Saturday 29 November 2014

Read in 2014 - 42: Der Stechlin

For a change (and because this book was part of the birthday gift from my sister, intended to educate me in terms of better reading), I have read another* classic of German literature: Der Stechlin by Theodor Fontane.

Der Stechlin simply means "The Stechlin", and refers to a lake in North-East Germany by this name. The lake really exists; the village, the palace (actually, a large mansion) and the aristocratic family by the same name are the author's invention.
Written in the years 1895 to 1897, it was first published (as used to be the case for so many books) in installments in a magazine in 1897, and two years later appeared in the shape of a book for the first time.
It was one of the last works Fontane ever wrote; he died a year after publication.

The plot is quickly told: Dubslav von Stechlin, member of an old aristocratic family, a man in his mid-sixties, is a quirky, lovable character with very liberal views not shared by many of his fellow aristocrats and village dwellers.
He has one son, Woldemar, who spends most of his time in Berlin, working at his military career.
Dubslav loves discussions and conversations and surrounds himself with people from all walks of life and with different political and religious views. 

Back in Berlin, Woldemar strikes up a friendship with another aristrocratic family: an elderly widower - not unlike his father in character - with two daughters, Armgard and Melusine. Armgard is pale and beautiful, quiet and ladylike, while Melusine, already in her 30s and of a more vital beauty, is divorced, very clever and witty. After one of Woldemar's visits, the reader expects an engagement, without at first knowing which of the women Woldemar will choose, as he seems on equally friendly terms with both of them.

Before anything further happens, though, Woldemar is called to the Royal Court of England for a mission that is never really explained in detail. He spends several weeks away, and upon his return, immediately visits his friends in Berlin again. A few days later, the engagement of Woldemar and Armgard is announced.

The couple and Melusine visit Dubslav at his country mansion over Christmas. At the end of February, Woldemar's and Armgard's wedding takes place in Berlin. While the newlyweds leave for their honeymoon in Italy, Dubslav returns to the country, where he falls ill.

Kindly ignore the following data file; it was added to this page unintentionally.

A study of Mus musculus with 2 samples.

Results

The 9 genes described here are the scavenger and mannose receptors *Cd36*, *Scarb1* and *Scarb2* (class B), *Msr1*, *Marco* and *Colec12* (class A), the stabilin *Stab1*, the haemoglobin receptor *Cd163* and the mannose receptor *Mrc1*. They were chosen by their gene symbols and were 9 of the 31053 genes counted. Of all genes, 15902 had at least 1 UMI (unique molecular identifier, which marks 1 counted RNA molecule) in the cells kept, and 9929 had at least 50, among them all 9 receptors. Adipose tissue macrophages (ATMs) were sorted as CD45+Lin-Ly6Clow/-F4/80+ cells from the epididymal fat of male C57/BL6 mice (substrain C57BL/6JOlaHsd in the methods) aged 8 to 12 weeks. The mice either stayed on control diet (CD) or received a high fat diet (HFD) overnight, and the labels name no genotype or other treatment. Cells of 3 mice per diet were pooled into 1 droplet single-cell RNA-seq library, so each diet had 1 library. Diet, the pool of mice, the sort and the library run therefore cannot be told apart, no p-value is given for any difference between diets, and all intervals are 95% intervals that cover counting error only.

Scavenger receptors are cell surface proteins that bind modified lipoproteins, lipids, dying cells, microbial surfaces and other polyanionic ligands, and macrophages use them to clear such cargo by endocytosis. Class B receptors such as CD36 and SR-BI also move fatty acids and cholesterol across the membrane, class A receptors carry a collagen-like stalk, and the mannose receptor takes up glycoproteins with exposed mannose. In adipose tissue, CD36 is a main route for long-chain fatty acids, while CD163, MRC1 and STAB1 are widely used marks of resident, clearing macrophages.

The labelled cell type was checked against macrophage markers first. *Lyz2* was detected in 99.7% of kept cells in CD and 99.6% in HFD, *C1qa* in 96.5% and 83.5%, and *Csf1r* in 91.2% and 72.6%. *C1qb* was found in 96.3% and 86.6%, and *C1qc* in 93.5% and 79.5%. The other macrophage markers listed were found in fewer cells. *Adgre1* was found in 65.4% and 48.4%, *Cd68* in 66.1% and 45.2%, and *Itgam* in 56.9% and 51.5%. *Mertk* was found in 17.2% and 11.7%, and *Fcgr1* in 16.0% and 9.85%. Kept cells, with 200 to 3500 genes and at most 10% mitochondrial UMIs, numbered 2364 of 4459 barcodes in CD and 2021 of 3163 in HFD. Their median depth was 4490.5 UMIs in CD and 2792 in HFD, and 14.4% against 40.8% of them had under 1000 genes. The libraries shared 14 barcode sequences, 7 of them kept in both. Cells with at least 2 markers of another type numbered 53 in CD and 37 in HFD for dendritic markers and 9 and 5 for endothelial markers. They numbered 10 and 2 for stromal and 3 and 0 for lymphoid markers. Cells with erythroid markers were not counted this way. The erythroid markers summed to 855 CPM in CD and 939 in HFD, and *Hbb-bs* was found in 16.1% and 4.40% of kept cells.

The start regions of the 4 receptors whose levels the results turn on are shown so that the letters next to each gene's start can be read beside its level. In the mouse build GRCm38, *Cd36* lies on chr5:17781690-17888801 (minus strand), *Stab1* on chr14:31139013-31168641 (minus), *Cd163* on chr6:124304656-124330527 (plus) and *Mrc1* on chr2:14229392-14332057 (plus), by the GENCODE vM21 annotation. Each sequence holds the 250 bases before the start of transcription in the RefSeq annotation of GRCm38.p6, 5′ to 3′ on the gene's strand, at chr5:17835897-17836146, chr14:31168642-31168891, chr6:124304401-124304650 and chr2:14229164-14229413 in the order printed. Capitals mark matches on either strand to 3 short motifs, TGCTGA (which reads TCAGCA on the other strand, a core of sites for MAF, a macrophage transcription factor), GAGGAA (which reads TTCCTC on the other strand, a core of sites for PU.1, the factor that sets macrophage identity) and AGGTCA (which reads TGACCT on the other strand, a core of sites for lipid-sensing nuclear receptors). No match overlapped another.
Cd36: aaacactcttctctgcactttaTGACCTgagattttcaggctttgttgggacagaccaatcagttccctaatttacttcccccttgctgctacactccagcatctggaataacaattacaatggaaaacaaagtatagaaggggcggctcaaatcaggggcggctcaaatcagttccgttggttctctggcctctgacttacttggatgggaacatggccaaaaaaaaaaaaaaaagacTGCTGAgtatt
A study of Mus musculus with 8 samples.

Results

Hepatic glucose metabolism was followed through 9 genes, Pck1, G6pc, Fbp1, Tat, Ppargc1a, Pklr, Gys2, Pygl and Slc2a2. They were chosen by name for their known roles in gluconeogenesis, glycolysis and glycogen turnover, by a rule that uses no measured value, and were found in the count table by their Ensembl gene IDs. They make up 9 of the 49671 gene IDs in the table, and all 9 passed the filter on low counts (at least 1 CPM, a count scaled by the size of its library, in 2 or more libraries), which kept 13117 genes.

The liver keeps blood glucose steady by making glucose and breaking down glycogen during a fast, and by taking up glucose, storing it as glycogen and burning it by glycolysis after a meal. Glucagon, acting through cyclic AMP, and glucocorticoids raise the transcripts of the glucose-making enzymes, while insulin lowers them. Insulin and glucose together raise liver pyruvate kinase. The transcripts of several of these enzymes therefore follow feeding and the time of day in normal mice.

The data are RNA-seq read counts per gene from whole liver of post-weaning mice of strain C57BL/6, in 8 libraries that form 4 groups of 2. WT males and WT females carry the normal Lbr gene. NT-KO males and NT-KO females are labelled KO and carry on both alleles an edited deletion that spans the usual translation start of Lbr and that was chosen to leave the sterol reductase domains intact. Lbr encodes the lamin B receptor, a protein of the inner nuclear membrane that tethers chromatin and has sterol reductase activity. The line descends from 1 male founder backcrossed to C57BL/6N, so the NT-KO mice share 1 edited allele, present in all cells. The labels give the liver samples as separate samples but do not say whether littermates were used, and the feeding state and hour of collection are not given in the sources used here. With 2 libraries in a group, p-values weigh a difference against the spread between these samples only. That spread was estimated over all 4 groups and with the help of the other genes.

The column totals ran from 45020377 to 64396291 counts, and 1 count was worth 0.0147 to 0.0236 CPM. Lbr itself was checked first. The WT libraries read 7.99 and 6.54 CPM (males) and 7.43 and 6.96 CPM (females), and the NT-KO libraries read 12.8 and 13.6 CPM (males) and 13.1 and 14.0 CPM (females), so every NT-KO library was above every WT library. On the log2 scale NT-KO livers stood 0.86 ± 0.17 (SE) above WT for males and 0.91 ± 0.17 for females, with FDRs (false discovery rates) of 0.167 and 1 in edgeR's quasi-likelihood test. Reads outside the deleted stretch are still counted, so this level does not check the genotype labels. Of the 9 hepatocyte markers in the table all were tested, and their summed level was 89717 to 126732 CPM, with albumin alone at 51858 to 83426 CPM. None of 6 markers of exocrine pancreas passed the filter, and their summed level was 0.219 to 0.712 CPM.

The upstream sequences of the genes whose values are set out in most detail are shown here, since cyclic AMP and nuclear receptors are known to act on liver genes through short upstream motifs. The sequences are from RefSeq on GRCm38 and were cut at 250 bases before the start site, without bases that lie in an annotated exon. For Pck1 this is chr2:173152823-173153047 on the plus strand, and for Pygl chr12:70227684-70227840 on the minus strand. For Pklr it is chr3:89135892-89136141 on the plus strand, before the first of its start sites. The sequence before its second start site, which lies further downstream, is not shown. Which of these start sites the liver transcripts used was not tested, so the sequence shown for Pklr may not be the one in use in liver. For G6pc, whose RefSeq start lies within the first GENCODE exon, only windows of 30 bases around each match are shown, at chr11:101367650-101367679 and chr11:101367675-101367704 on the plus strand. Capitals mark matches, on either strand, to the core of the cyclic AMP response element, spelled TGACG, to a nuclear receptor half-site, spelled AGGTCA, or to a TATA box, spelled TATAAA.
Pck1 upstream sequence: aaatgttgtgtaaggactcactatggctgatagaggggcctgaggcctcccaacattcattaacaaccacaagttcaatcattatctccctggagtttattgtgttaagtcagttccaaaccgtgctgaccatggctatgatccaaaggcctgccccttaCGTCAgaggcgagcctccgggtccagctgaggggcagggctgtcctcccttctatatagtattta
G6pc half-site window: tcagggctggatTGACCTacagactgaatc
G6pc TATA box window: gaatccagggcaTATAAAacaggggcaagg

His illness turns out to be rather severe, but right until the end, the old gentleman does not lose his characteristical wit. He dies without having seen his son and daughter-in-law again. After their return from the honeymoon, the young couple live in Berlin for a while, but move to the old country mansion eventually. The novel ends with a letter from Melusine.

Although this sounds like a family story, Fontane's intention was to write a political novel. And there is a lot of politics going on, mainly referred to in conversations between the various characters. This was a time when old and new ideas in Germany clashed on so many levels, and the characters represent this Old and New very well. Dubslav himself is a good example; his liberal ideas represent the New, but his mere existence as a retired Major, offspring of a long line of aristocrats, is Old.

I enjoyed this book very much. The language is different from the way a modern German author would write; the people are interesting and well written, the places are as full of character as are the people.
* Click here for my review of the "Buddenbrooks", maybe THE classic German novel.


  1. I wonder whether I am ready for serious novels.....And whether this is available in English....
    Ha! I finally found an English translation, very expensive, for nearly $40.00 though I could have it in German on my kindle for 99cents.......But some of the other titles by this author sound intriguing. A Tour of Scotland, from the late 1850s. Thank you writing about this author who was completely unknown to me, until today.

    1. Fontane is one of the German authors responsible for several works deemed "classic" here, such as Effi Briest, which is probably his best-known novel. It was turned into a film more than once. I've just looked him up on and, like you, found many of his works in German for free in the kindle store, and many translations at low prices.

  2. The whole concept of 'serious' novels and 'the rest' is so often blurred. Dickens is regarded as classic and 'serious' these days [although I have never been able to finish a Dickens novel] but in its day was often nothing more than a weekly story. Oddly, though, I devoured the Russian novels in my youth. It calls into question the reason for reading. Do we read for entertainment or relaxation or education? Of course it can be all there but I think one of the things age has brought to me is a feeling that I can watch the films I want to watch and read the books I want to read and I have no 'need' to be educated if I don't actually feel like it.

    1. My reasons for reading are all those - sometimes, I want nothing more than to be entertained, sometimes I am eager to learn something, sometimes I just want to enjoy the elegant flow of words. No matter what my current motivation may be, I shall be forever grateful to my sister, since it was she who originally taught me reading a year before I started school myself.